The word is mightier than the sword we are told. You be the judge. Follow the link above to see why BC Car-Free has the wordsmiths excited. Press on....
Sea Kayaking by bus? What a concept! All of these wilderness paddle routes are accessible using existing public transportation infrastructure. What better way to enjoy the wilderness than to reduce your impact on it? The whole gamut of trips is included: from simple one day excursions to week-long -- or longer -- expeditions.
There's only one canoeing trip included in BC Car-Free but what a trip it is! Spend a weekend, a week or even longer exploring the ring of lakes and portages collectively known as the Powell Forest Canoe Route. Best of all: reach this paddling paradise using existing transportation infrastructure.
For the day hiker with bus fare you'll find a double dozen destinations in coastal British Columbia. The Day Hiking section features a range of levels from easy to demanding in both urban and wilderness settings. The hikes featured in BC Car-Free: Exploring Southwestern British Columbia Without a Car are as close as North Vancouver and as far away as the Whistler - Squamish corridor and the Gulf Islands.
Novices will appreciate the handy hiking checklist that opens the hiking section. Complete bus and ferry schedule information is included, making BC Car-Free an ideal resource for newcomers and visitors from out-of-town who want to sample some of British Columbia's legendary wilderness.
These treks take over where the day hikes leave off. The Backpacking section of BC Car-Free details 9 major multi-day excursions with a number of variations. Included are three important coastal hikes along Vancouver Island's Pacific Rim and, for the first time in print anywhere, the entire Sunshine Coast Trail: all 175 km of it!
Have Bike, Will Travel. Explore ten unique landscapes by bicycle on both sides of the border in the San Juan Islands and Gulf Islands. Peddled out? Many of these rural roads can be explored on foot as well.
Car camping, without the car! Get away from the urban jungle to a secluded island. Unlike many drive-in campgrounds, these jewels are for the most part free of yahoos: perfect for chillin' on a hot summer day.
A weekend getaway differs from a day trip or a full-blown backpacking or other outback adventure in that usually participants will have to pack tents, sleeping bags, food, electric hair dryer and other necessities but they won't have to carry this camping gear very far. In the Getaways detailed below public transportation will take you almost as far as the campsite. Dragging along the gas barbecue is still out of the question.
Kayaking is not for everybody. Seniors, kids or the slightly aquaphobic may however wish to enjoy some of the natural wonders kayakers take for granted. Many of the tours outlined under Sea Kayaking could easily be reconstituted as Weekend Getaways and enjoyed from the vantage point of alternative transportation instead. A visit to Hot Springs Cove in Clayoquot Sound, for example, or to Princess Louisa Inlet and the twin rapids in that area can be exhilarating. Both places can be easily accessed through local eco-tour companies. Combine that with the hospitality and comfort of a B & B and you have a Weekend Getaway suited to nearly any taste.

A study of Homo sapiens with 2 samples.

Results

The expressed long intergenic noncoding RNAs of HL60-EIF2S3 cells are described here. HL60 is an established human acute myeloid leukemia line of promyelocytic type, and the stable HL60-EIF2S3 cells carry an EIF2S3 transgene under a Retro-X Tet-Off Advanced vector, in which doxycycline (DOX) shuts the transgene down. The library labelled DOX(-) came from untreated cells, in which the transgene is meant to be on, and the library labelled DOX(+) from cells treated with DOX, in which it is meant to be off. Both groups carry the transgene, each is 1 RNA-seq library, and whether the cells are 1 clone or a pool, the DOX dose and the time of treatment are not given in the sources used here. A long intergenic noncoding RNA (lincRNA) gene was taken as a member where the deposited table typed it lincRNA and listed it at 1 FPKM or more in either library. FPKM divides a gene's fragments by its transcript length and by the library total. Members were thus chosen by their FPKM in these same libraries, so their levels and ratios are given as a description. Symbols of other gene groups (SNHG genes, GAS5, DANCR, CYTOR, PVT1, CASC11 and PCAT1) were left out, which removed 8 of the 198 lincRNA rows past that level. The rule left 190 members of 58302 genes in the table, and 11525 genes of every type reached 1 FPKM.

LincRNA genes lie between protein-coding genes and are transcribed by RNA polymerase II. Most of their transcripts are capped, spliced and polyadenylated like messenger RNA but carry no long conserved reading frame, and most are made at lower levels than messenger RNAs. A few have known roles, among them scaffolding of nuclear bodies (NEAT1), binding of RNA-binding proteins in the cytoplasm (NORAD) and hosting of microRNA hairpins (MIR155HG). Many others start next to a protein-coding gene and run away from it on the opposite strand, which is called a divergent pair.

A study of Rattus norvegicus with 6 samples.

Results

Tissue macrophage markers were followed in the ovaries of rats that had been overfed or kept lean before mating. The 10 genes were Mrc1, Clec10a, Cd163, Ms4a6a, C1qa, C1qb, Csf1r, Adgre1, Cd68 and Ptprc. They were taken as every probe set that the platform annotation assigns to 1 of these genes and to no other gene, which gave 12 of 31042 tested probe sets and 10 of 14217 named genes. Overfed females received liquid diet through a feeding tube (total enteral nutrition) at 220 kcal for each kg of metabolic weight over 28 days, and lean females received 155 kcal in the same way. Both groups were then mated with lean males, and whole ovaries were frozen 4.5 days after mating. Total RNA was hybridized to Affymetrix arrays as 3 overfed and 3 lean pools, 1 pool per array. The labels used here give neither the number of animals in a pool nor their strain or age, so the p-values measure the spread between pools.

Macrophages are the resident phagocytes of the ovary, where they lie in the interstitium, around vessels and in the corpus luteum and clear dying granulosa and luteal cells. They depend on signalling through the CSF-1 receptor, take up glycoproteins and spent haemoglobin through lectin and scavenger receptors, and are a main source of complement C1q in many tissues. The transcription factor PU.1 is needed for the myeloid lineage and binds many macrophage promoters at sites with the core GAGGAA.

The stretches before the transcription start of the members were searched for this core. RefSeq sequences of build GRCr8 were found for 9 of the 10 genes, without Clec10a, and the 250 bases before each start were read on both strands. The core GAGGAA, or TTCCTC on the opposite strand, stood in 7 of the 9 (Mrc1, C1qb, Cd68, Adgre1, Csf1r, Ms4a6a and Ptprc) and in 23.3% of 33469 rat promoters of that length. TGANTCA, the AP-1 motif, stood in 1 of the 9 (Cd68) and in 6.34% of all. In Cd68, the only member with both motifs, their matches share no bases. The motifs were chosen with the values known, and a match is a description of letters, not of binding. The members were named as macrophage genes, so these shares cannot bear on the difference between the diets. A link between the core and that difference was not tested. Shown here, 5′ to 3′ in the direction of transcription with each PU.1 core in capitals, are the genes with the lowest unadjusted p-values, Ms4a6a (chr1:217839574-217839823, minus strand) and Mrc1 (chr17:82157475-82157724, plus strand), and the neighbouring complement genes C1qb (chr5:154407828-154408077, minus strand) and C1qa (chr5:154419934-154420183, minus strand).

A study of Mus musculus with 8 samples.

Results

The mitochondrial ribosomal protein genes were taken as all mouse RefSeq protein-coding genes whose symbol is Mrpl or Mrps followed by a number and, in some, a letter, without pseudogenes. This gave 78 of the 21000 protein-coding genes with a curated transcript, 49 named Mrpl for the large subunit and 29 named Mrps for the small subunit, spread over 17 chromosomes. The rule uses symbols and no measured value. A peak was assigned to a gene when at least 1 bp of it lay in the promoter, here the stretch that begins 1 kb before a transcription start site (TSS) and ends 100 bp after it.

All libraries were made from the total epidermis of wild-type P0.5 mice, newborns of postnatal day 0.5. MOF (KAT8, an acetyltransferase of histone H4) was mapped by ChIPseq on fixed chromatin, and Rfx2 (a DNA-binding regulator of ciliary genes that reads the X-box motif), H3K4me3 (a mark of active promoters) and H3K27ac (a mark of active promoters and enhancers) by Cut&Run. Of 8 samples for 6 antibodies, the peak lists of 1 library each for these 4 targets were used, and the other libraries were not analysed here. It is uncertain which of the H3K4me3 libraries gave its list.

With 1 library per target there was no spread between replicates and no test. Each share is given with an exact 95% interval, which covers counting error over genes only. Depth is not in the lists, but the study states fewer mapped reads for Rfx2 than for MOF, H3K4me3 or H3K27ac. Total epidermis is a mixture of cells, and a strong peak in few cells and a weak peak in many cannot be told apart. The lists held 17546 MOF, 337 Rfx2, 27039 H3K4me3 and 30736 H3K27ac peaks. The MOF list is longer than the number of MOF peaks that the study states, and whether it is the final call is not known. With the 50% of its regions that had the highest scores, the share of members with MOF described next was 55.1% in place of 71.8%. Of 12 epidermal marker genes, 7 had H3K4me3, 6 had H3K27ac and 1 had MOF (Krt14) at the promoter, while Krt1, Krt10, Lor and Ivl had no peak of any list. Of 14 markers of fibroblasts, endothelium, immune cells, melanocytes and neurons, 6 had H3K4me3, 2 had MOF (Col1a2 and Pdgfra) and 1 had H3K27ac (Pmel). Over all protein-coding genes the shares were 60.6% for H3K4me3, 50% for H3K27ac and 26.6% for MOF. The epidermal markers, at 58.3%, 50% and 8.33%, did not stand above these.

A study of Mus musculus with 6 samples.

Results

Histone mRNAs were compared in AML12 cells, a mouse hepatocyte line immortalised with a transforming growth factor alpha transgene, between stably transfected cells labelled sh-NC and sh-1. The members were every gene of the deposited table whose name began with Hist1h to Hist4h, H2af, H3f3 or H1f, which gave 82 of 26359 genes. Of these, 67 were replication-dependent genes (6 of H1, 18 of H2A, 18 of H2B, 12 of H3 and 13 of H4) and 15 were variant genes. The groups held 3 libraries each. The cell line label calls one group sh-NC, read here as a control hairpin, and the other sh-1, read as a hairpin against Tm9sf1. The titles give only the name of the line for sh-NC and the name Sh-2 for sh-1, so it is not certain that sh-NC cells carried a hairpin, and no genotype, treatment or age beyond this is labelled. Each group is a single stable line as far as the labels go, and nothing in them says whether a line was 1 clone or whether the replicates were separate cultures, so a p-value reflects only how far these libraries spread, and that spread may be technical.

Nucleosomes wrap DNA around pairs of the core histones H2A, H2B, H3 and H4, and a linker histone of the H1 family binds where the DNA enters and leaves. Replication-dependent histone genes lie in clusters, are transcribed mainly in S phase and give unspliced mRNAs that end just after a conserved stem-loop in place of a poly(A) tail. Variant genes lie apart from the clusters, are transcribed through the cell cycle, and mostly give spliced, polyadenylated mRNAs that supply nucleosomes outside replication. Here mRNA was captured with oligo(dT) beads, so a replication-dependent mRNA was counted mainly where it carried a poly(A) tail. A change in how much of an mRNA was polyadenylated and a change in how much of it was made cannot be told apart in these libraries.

The Gulf Islands are ideally suited to cycle touring and, as such, have been fully described in that section. Yet all are compatible with the concept of a walking tour as well with some caveats. Mayne, Saturna and Gabriola Islands are certainly small enough to be explored on foot over the course of a two or three day period. Tramping about Galiano Island and the Pender Islands is also pleasant but more than a simple weekend may be required to fully appreciate these bigger rural islands. Saltspring Island is by far the biggest and, depending on which of three possible ferry terminals you arrive by, may require a taxi pick up at the ferry. Many B & B owners are willing to include shuttle service in the price of the room.
Camping at Porteau Cove, Stawamus Chief or Brandywine Falls Provincial Parks could likewise turn day hikes to Marion & Phyllis Lakes, the Chief & Squaw, Cal-Cheak, or Brew Lake, into easy overnighters.
Get the low-down on ridin' high. Western and English riding opportunities in the lower mainland.
Details Orca and Gray Whale watching opportunities on the coast of British Columbia. Find out when and where to go and how to get there using existing public transportation infrastructure. You'll discover answers to that all-important why question too.
Though not a birding guide, per se, BC Car-Free includes a number of natural events that no one should miss. Of course, all are accessible by public transportation. For borderline birders, a birding checklist is included.
Witnessing the return of the salmon touches a deep primordial cord. BC Car-Free makes it easy to be a part of this annual drama. Just hop on the bus.
Take your outdoor recreation underground with a trip to Vancouver Island's Horne Lake Caves. Guided and self-guided options are available.
Whitewater Rafting. Add a splash of the rough and tumble to your summer by joining one of these commercial rafting excursions. Both paddle rafting and motorized options are included and all are accessible using existing public transportation infrastructure.